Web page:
Internal controls at Ball State University that should have alerted school officials about a pair of fraudulent investments costing the school $13.1 million failed, its treasurer says.
Treasurer Randy Howard told The Star Press he doesn't know whether that failure involved deception by anyone at the university, lack of due diligence or both. He told The Associated Press on Wednesday that the U.S. attorney's office is investigating and that he plans to meet soon with the Delaware County prosecutor.
Seth Beoku Betts was sentenced to four years in prison for wire fraud earlier this month in U.S. District Court in New York City. Authorities say he persuaded a Ball State investments director to invest millions in the mortgage market, but instead spent the money on luxury cars, a house in Florida and other personal indulgences.
Last year, George Montolio was sentenced to three years in prison after pleading guilty to one count of wire fraud. Betts has been ordered to pay $8.16 million in restitution and Montolio has been ordered to pay $3.8 million. The remaining $1.2 million remains unaccounted for.
Howard said among the red flags that were missed:
— An interest rate of 5.04727 percent on a purported $3 million U.S. Treasury investment. An interest rate with more than three digits after the decimal point is atypical, unless the investment was bought on the secondary market.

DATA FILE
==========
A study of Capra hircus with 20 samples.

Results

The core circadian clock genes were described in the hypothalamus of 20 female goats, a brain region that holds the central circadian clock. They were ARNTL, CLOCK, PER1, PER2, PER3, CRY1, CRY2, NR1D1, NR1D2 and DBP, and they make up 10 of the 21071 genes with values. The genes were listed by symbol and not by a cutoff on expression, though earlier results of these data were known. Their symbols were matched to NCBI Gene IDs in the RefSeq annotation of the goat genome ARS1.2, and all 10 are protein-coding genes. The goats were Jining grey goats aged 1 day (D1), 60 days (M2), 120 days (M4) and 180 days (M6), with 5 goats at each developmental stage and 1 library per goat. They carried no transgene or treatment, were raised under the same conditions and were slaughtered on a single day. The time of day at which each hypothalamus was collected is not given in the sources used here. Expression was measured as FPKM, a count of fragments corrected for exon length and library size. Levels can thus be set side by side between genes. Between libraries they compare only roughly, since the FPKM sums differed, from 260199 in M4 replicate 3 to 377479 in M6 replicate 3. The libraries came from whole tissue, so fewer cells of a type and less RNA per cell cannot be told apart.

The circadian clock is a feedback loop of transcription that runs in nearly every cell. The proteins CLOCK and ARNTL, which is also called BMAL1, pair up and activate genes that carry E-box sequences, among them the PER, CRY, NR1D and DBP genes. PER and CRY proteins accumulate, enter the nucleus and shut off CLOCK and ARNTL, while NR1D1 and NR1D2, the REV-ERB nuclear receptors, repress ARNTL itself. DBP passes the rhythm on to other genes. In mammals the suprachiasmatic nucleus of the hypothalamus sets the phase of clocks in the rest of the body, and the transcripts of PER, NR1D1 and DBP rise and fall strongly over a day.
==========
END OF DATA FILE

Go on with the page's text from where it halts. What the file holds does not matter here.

— A maturity date of Aug. 27, 2036, on a supposed Fannie Mae investment. University policy limits investments to terms of five years.
— A digit missing on a supposed Fannie Mae investment. Ball State attorney Jim Williams compared it to a missing digit in a Social Security number.
— Different code numbers being given to the same U.S. Treasury investment, which would be like a person using two Social Security numbers to identify himself.
"It should all match up," Howard said.
The supporting documents are supposed to verify the investment that was purchased, the payment schedule, the transfer of funds by wire, a confirmation that the security was purchased and other information. Those documents don't even exist for some of the fraudulent transactions.
"That's suspicious," Howard said. "There's nothing. Why? I'm surprised people signed off on that without the documentation."
Because of retirements and other turnover, most of the nine people who worked in the controller's office at the time of the investment fraud scheme no longer work there, school officials said.